All forms

In all forms of cricket, only two fielders are allowed in the quadrant between the fielding positions of square leg and long stop.[1] This is to prevent the outlawed and controversial bodyline tactics from being used. No fielder is allowed on or over the pitch until the batsman has had a chance to play the ball.

One day cricket

Various rules concerning fielding have applied during the history of one day cricket, with the dual aim of encouraging the batsman to play attacking shots and to prevent the fielding team from being too defensive by posting all their fielders on the boundary. The current rules applying to One Day Internationals were first introduced as trial rules in July 2001, and are also used for some other limited overs tournaments.

A limited number of fielders are allowed in outfield during powerplay.

Men's Fielding Restriction Circles

An oval shall be made by drawing two semi-circles on the field of play. The semi-circles shall have as their centre the middle stump at either end of the pitch. The radius of each of the semi-circles shall be 30 yards (27 m). The semi-circles shall be linked by lines which are drawn parallel to the pitch. This line, is commonly known as the circle. Further, two circles centered on each wicket of 15 yards (14 m) radius are drawn and combined encompasses an area known as the close infield. During the first 10 overs of a 50-over innings a maximum of two fielders are allowed to be deployed in the outfield. Before July 2015, a minimum of two fielders (other than the bowler and wicket-keeper) had to be deployed in the close infield during Powerplay 1.[2] If the number of overs in the innings is restricted to less than 24, the length of the fielding restrictions is reduced to eight or nine overs. At least 3 fielders must remain on either the Off or Leg Side.

T10 cricket has the same restrictions as T20 but for half of the bowling period. In other words: a maximum of two fielders outside the circle for the first six overs.

A diagram showing the size of a women's cricket field
The dimensions of the infield and outfield are slightly smaller than the men's but the principle of restrictions is the same.

Women's Fielding Restriction Circles

In the Women's game the infield is smaller than in the Men's game but the close infield is the same. The semicircles of the infield have a radius of 23 metres (25 yd).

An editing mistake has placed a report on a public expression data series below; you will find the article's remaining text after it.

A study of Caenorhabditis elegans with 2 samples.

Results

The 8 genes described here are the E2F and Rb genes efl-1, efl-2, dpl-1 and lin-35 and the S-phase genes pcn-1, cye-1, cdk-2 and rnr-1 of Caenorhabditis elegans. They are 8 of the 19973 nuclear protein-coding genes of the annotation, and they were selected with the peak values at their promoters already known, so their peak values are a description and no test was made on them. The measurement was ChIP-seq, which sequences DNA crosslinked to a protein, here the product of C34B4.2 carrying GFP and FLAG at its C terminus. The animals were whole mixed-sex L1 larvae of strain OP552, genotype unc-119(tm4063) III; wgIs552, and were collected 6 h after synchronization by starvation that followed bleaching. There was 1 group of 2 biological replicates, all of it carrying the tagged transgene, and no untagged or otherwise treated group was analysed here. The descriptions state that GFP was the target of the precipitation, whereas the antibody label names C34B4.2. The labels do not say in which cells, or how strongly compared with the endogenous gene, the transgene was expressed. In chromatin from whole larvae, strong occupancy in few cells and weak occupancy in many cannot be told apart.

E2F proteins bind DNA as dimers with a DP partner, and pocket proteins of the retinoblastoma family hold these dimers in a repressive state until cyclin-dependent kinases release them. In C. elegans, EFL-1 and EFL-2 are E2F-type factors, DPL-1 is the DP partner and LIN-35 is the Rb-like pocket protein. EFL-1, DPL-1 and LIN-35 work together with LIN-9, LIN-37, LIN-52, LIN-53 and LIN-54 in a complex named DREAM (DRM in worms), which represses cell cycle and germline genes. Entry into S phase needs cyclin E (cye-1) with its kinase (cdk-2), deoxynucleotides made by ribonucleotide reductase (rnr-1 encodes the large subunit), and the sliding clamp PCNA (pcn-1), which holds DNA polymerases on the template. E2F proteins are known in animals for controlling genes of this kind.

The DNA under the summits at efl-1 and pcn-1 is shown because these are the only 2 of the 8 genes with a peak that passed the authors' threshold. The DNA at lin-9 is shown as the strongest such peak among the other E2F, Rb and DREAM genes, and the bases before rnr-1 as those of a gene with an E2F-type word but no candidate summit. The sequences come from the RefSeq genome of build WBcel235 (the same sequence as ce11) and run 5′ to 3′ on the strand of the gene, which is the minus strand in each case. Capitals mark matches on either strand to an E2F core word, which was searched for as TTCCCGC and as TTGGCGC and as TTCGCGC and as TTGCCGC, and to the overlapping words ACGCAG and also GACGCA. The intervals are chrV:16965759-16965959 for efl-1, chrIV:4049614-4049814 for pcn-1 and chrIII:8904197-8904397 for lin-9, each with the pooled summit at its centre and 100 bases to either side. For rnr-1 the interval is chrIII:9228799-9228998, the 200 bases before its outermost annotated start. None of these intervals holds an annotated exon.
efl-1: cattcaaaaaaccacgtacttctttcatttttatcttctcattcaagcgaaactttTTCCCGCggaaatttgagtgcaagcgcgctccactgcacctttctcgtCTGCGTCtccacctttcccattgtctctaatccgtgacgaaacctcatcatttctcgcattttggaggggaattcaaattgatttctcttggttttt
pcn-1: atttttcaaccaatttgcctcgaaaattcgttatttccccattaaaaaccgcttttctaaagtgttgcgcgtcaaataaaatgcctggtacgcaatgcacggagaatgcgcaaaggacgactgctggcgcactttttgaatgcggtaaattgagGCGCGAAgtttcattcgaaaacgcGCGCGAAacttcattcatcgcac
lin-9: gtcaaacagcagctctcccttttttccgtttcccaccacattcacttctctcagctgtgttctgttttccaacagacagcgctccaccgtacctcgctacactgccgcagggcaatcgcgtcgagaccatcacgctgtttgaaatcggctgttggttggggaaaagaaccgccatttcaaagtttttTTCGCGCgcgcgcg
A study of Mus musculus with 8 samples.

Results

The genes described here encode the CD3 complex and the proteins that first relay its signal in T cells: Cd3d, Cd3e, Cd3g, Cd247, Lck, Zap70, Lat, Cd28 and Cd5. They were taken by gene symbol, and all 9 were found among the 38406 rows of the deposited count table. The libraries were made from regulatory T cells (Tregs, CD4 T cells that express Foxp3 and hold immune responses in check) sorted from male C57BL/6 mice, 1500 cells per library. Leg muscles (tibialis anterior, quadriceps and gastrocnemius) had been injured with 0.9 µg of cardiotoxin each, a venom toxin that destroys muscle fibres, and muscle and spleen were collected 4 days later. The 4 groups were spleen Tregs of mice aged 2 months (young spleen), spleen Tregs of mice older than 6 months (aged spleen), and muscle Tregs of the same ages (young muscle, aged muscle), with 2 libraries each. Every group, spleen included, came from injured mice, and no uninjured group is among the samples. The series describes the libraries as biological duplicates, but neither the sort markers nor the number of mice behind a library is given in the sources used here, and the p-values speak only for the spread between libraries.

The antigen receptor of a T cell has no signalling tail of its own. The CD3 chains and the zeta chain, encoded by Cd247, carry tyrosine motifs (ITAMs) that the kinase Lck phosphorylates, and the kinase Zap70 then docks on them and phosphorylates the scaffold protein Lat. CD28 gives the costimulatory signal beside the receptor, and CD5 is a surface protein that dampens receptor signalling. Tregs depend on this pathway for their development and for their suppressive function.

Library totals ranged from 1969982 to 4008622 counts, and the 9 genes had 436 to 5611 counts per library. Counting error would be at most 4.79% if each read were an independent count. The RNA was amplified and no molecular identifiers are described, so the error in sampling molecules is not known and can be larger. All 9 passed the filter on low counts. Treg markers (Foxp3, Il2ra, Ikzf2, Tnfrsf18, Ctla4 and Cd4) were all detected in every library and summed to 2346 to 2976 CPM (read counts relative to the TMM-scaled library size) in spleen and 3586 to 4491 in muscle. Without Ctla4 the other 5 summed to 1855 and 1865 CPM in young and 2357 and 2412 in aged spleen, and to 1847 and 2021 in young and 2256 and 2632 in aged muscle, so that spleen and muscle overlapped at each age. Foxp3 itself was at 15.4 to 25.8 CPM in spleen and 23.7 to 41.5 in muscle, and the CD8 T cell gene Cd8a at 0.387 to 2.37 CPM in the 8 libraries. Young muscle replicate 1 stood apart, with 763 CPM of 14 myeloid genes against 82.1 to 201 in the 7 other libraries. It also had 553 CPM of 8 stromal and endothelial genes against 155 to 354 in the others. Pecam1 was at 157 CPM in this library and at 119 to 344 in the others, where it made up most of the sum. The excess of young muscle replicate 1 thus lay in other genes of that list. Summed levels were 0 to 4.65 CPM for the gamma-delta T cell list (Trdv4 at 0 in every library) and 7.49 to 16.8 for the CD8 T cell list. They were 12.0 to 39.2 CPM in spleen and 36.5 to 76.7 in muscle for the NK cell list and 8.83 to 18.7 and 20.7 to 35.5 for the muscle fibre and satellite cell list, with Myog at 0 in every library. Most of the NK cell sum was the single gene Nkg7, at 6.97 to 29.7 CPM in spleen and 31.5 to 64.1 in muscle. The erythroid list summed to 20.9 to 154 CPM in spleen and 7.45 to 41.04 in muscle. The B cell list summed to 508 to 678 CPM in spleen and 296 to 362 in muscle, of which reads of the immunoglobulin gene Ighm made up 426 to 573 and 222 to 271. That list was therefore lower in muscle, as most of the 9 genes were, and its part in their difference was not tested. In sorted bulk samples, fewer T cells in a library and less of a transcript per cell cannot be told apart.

The restriction of having a maximum of three fielders in the outfield is applied for a further two blocks of five overs, with the captains of the fielding and the batting sides deciding the timing of one block each. These five-over spells are called Powerplay 2 and Powerplay 3 and may be shortened if the length of the innings is restricted (Powerplay 1 is the first block of 10). Powerplays were first introduced in the One Day International between England and Australia on 7 July 2005.

For the rest of the innings, a more generous maximum of five fielders in the outfield applies.


Fielding restrictions were first introduced in the Australian 1980–81 season.[3] By 1992, only two fieldsmen were allowed outside the circle in the first fifteen overs, then five fieldsmen allowed outside the circle for the remaining overs.[4] This was shortened to ten overs in 2005, and two five-over powerplays were introduced, with the bowling team having discretion over the timing for both. In 2008, the batting team was given discretion for the timing of one of the two powerplays. In 2011, the teams were restricted to completing the discretionary powerplays between the 16th and 40th overs; previously, the powerplays could take place at any time between the 11th and 50th overs.

On October 30, 2012, changes to the rules for fielding restrictions in one-day matches were officially implemented by the ICC. The number of Powerplay blocks were reduced to two; the first occurs within the first 10 overs, restricting the team to two fielders outside the 30-yard circle. The second block, the Batting Powerplay with a restriction of three fielders outside the circle, must occur by the 40th over.[5] The number of fielders outside the 30-yard circle in non-Powerplay overs has also been reduced to four (from five).[5]

In June 2015 rules changed to do away with batting powerplay, and allowed up to 5 fielders outside the circle in last 10 overs. The 2015 rule changes also included the removal of batting power play.[6]


The number of players in the outfield area is the same as for the One-day format, but the restriction lasts for the first six of the twenty overs, and there is no "Batting" or "Bowling" Powerplay (Powerplays 2 and 3 in ODI's). Whereas in Twenty20 format a team can have maximum of five fielders outside 30 yards (27 m) (25 yards (23 m) for women) after first six overs of twenty overs.

See also


  1. ^ "Law 28 – The fielder". MCC. Retrieved 29 September 2017.
  2. ^ ICC changes rules again
  3. ^ "One-Day Cricket". December 2005. Archived from the original on 9 February 2015. Retrieved 16 January 2015.
  4. ^ "Colourful cricket, and that rain rule". ESPN Cric Info. Retrieved 6 April 2014.
  5. ^ a b "Amended playing conditions to take effect". Cricinfo. Retrieved 21 April 2013.
  6. ^ "ICC changes powerplay, fielding, free-hit rules in ODIs". The Economic Times.